U.S. Rule on AIDS Drugs Criticized
Ban on Using Aid to Buy Foreign Generics Hinders Treatment, Experts Say
By Ellen Nakashima and David Brown
Washington Post Foreign Service
Wednesday, July 14, 2004; Page A12
BANGKOK, July 13 -- The Bush administration's prohibition against using money from its $15 billion global AIDS plan to buy foreign-produced generic drugs is complicating the delivery of medicine to some of the millions of poor people who badly need it, according to AIDS experts at an international conference here.
In an effort to sidestep the policy, some countries have been using U.S. money to train AIDS clinicians and buy lab equipment, while employing money from other sources to buy the medicines.
U.S. officials at the conference said Tuesday that they would go along with such an approach. They have also said a fast-track plan announced in May would allow some of the generics to receive rapid approval from the Food and Drug Administration, which would make them eligible for U.S. funding.
Specified in the giant President's Emergency Plan for AIDS Relief, the restrictions against unapproved generics, which for now include all foreign-made generics, have added to the already long list of obstacles to bringing antiretroviral (ARV) therapy to poor countries, experts attending the 15th International AIDS Conference here say.
"It was very confusing. You're trying to figure out who can buy what with what money," said Joia Mukherjee, medical director for Partners in Health, a Boston-based organization that has run an AIDS treatment program in Haiti for seven years and is developing others in Latin America.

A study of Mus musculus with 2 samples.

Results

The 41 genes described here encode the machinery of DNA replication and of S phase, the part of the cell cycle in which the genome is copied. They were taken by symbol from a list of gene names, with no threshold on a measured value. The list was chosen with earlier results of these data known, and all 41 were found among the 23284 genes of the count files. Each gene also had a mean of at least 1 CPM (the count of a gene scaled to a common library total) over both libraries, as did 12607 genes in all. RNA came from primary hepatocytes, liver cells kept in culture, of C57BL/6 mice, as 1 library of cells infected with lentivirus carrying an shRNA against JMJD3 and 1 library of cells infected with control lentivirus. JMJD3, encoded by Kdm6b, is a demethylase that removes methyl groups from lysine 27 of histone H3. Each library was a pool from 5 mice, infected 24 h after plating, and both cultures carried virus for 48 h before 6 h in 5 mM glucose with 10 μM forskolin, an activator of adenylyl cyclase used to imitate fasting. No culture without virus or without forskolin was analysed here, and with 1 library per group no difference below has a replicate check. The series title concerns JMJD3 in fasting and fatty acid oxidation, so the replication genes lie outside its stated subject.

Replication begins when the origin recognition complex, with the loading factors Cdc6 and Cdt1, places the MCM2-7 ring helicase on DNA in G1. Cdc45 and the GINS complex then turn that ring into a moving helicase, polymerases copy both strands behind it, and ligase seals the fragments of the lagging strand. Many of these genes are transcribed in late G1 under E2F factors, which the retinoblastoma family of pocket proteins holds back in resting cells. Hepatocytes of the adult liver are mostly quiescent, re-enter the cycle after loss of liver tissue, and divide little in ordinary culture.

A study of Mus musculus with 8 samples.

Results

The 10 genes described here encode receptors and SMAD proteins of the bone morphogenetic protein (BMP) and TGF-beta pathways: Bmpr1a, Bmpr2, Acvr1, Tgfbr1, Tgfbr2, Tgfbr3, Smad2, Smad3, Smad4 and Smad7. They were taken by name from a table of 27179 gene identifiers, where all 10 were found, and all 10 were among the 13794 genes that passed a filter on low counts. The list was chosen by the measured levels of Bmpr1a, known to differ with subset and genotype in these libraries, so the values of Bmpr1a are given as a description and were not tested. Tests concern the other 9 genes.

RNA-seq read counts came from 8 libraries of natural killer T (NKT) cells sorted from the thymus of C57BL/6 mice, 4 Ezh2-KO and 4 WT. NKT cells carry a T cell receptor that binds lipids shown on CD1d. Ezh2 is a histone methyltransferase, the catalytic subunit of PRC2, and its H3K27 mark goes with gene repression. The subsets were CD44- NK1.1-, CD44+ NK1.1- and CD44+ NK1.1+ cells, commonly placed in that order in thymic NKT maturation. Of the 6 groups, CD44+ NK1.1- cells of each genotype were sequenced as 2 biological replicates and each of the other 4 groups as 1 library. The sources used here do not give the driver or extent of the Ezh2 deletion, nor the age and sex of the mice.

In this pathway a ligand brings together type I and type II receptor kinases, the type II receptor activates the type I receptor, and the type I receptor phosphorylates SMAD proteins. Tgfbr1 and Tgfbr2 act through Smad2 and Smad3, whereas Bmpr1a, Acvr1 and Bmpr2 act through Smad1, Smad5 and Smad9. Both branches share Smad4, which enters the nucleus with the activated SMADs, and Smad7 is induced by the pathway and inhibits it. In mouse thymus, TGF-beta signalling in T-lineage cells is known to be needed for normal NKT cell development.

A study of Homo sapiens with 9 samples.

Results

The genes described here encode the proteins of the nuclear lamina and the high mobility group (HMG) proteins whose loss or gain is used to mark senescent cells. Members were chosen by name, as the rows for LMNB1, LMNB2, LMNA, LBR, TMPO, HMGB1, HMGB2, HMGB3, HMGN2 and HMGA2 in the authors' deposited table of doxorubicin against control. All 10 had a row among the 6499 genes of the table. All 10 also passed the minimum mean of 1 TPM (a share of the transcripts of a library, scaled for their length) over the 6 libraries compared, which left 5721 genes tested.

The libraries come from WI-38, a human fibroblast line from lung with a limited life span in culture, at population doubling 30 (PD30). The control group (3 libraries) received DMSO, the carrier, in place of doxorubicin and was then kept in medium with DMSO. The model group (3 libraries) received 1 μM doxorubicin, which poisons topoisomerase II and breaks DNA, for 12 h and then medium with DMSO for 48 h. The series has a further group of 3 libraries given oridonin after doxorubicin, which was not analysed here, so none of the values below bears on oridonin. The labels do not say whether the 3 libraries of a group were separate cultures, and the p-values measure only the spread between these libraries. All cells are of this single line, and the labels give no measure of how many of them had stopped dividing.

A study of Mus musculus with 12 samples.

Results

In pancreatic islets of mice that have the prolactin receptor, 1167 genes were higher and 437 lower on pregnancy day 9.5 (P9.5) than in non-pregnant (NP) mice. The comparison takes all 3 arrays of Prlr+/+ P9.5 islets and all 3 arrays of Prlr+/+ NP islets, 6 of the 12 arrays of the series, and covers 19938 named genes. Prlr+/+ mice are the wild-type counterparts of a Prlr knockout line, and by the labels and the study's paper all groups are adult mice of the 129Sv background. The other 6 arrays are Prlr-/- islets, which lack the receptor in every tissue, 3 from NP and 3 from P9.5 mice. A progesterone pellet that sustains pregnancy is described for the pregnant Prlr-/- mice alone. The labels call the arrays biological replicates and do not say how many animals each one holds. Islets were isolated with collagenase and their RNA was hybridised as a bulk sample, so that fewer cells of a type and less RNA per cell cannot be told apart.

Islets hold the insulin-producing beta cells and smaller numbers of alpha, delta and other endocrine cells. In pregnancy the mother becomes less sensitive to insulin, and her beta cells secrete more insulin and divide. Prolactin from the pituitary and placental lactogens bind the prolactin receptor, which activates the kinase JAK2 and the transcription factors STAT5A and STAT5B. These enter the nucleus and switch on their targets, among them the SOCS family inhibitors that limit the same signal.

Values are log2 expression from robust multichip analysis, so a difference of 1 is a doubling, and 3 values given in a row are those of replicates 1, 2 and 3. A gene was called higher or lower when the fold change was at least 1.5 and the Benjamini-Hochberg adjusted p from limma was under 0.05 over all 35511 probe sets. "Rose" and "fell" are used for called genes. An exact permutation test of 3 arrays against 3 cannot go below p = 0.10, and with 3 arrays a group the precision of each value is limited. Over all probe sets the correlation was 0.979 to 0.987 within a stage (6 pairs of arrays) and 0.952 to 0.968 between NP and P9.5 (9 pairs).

The policy "slows the coordination" between the Bush plan and the people running treatment programs in the countries, Mukherjee said in an interview at the conference.
The U.S. Government Accountability Office reached similar conclusions in a report issued this week.
The GAO interviewed 28 U.S. government employees involved in the plan in the 15 countries where it is starting to operate. "Twenty-one respondents indicated that they had not received adequate guidance on the procurement of ARV drugs, which makes it difficult for the U.S. missions" to support country programs.
The State Department, which runs the plan, has not specified which activities the program "can fund and support in national treatment programs that use ARV drugs not approved for purchase by the office," the authors wrote.
Partners in Health is expecting to receive at least $1 million in fiscal 2005 from the U.S. program. Mukherjee said she first began about nine months ago to inquire about whether it could be used to buy generic drugs. She -- and others -- were told no several months ago. But last week, she said, she was advised unofficially to use money from another source to buy generics and use the U.S. money for such things as salaries for health care workers, lab tests and a van.